In his first two seasons with the Oakland A’s, Khris Davis established himself as the centerpiece of the lineup. He swatted more than 40 homers each year, and he graded out as one of the two or three best hitters on the club each time. Not only has he kept up that success in 2018, he’s actually turned it up slightly and is en route to a career-best performance.
Let’s begin with a look at Khrush’s numbers so far. He’s played 108 of the team’s 118 games, and racked up 470 plate appearances.
Khrush, 2018: .258/.332/.563, 140 wRC+, 34 HR, 8.3% BB, 25.7% Ks
Next, some context. His first full MLB season came in 2014 with the Brewers, so our table begins there (and ignores his short debut in 2013).
His power didn’t really start to kick in until 2015, but a knee injury shortened that season. He hit full stride after joining the A’s in 2016, essentially taking what he’d done the previous year and extending it into a full campaign.
For three years, Khrush was remarkably consistent. He batted exactly .247 each season, put up a wRC+ in the 120s, and struck out just under 30% of the time. The only notable blip, other than the missed time in ‘15, was a brief drop in his walk rate in ‘16 and a corresponding dip in his OBP.
This summer, he’s reached another level. His wRC+ is up, for several reasons. One is that he’s added a few points to his batting average, but not because of improved fortune in BABIP. In fact, he’s down slightly in that metric, and his extra hits have come as a result of a reduced strikeout rate — in other words, he’s simply putting the ball in play more often. He’s not swinging less, nor missing any less, nor making contact more often, but nevertheless he’s figured out how to convert more of his plate appearances into batted balls instead of useless Ks. He’s seeing fewer pitches per plate appearance, so perhaps he’s being more aggressive or doing a better job of recognizing the offering he’s looking for, but one way or other it’s not preventing him from maintaining a healthy walk rate.
The other main ingredient behind Khrush’s overall improvement is his power. He already had a case as the best home run hitter in the sport, but he’s launching dingers at an even faster pace this year. Here are his rates of plate-appearances-per-homer:
2015: 16.3 PA/HR
He’s been particularly hot lately, totaling 13 dongs in his last 19 contests — including some of the team’s clutchest knocks of the season. At this point 40 seems like a lock, and the better question is if he can have a shot at 50. That uptick can also be seen in his isolated slugging, which keeps going up every year:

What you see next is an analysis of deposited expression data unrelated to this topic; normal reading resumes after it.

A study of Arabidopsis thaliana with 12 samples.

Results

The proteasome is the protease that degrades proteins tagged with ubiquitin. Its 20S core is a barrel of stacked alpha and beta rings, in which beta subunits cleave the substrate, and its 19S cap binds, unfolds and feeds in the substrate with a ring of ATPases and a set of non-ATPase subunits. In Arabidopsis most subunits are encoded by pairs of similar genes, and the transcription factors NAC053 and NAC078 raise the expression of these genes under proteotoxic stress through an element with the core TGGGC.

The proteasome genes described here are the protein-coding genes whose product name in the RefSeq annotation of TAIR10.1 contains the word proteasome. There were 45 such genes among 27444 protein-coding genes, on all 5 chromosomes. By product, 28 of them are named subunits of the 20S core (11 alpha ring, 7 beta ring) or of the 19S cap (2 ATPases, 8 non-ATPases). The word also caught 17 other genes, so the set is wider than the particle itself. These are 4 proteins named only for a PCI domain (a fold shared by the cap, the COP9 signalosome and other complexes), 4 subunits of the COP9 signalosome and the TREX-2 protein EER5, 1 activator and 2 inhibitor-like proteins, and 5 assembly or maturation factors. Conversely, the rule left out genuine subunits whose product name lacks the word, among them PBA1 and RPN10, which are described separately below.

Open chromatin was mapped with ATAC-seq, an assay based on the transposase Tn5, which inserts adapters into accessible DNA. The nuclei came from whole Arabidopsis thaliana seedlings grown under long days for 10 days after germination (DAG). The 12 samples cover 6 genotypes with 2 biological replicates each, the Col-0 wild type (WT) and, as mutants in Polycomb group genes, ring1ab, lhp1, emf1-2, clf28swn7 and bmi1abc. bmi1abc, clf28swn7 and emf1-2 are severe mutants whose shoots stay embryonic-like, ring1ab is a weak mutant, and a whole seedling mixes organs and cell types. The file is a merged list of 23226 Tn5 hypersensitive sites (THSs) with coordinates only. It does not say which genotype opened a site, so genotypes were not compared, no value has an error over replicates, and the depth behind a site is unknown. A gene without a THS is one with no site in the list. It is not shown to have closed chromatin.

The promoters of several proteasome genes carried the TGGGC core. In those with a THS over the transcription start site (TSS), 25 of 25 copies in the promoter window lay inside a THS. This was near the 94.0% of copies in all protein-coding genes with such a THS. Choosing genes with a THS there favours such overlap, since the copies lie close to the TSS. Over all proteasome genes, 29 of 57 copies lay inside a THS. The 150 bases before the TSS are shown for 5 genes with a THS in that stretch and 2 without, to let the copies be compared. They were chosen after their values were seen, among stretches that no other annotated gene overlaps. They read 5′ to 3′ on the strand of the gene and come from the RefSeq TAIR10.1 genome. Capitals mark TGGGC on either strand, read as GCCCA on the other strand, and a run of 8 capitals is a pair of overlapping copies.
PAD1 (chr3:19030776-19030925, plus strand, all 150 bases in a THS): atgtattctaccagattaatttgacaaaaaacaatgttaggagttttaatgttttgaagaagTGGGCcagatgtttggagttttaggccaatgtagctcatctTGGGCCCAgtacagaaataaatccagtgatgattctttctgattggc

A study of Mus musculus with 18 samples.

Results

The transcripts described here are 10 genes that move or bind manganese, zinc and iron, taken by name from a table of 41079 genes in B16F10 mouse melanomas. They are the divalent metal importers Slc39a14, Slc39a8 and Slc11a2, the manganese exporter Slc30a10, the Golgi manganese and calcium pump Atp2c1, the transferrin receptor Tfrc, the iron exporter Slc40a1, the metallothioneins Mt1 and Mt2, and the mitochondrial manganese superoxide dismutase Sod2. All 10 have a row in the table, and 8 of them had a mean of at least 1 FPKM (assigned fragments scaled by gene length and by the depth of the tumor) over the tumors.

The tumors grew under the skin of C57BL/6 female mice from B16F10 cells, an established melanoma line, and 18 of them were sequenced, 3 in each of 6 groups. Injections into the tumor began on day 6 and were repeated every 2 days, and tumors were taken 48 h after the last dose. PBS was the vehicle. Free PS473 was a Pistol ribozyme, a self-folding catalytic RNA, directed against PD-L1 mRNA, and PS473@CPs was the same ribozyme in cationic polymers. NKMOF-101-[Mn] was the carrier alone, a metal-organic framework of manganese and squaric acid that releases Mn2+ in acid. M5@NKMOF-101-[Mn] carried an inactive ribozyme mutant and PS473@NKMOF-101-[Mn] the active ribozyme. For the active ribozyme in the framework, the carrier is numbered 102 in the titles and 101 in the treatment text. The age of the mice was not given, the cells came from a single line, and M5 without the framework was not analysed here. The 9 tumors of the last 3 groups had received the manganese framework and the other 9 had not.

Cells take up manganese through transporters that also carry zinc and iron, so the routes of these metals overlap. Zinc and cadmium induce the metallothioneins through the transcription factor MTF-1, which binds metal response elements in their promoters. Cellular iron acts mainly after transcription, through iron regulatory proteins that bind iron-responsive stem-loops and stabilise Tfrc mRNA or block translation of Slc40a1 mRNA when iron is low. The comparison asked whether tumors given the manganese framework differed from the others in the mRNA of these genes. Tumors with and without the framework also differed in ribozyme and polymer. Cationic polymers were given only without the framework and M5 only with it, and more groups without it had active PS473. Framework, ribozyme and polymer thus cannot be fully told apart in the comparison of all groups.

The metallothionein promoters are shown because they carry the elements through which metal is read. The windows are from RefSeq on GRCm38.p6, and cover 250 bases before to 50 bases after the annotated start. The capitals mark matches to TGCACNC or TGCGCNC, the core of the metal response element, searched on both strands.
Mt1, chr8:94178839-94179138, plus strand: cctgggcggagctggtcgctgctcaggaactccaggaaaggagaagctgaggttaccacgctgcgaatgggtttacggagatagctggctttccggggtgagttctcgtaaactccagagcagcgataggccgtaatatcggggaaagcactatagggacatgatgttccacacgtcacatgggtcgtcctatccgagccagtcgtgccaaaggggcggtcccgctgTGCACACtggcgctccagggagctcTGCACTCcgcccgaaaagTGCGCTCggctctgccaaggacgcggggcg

2015: .258 iso
Even the punishing Coliseum isn’t slowing him down. Whereas the A’s have hit nearly twice as many homers on the road than at home this year, Khrush is about even (15 home, 19 road). He’s only three off the MLB lead of 37 held by J.D. Martinez, and perhaps he’d be on top if he only had to hit it 310 feet down the line like Martinez does in Fenway — according to Statcast, Khrush’s average homer goes 11 feet farther than J.D.’s.
Speaking of Statcast, improvements can be seen there as well. His average exit velocity is at a career high (7th in MLB, basically tied with Martinez), his average launch angle leapt up significantly, and he’s barreling the ball slightly more. It’s no wonder that he’s hitting more flyballs than ever, and then seeing more of them clear the fence.
Here’s another way of looking at things, for an idea of where he’s at compared with the last two years. The following lines represent his numbers after 108 games, which came on Aug. 13 and Aug. 5, respectively, compared with Aug. 12 this summer. (He went on to play 150 and 153 games those years, and seems likely to do the same this time around. All he’s missed this year are nine days on the DL and one half of a doubleheader, so there’s every reason to believe he can finish around 150-152 this season.)
Even accounting for the handful of extra plate appearances, he’s still ahead of his normal curve. He’s even hitting more doubles, as he’s already in the same range as the last couple years (24, 28, now 22) but with 40+ games left. Add in the fact that the extra power hasn’t cost him any of his on-base ability, and you can see why his overall profile has taken such a big step up.
As for why the 30-year-old is doing so much better, that’s a conversation for another post. It could be anything from small adjustments he’s made over time, to the benefit of veteran experience, to his transition to DH, to a boost from a stronger group of hitters around him, to weaker AL opposition than normal, or any number of other factors. It could also be that we’re looking at these numbers at a particularly favorable snapshot in time, right as the streaky slugger is in a hot phase, and maybe by year’s end he’ll even out to his norms. But for what it’s worth his wRC+ has been up over 130 for a while now, and he’s tended to finish seasons strong throughout his career.
The A’s are as good as they’ve been in years, and one thing helping to lead the charge is that Khrush is hitting better than ever before. Salute!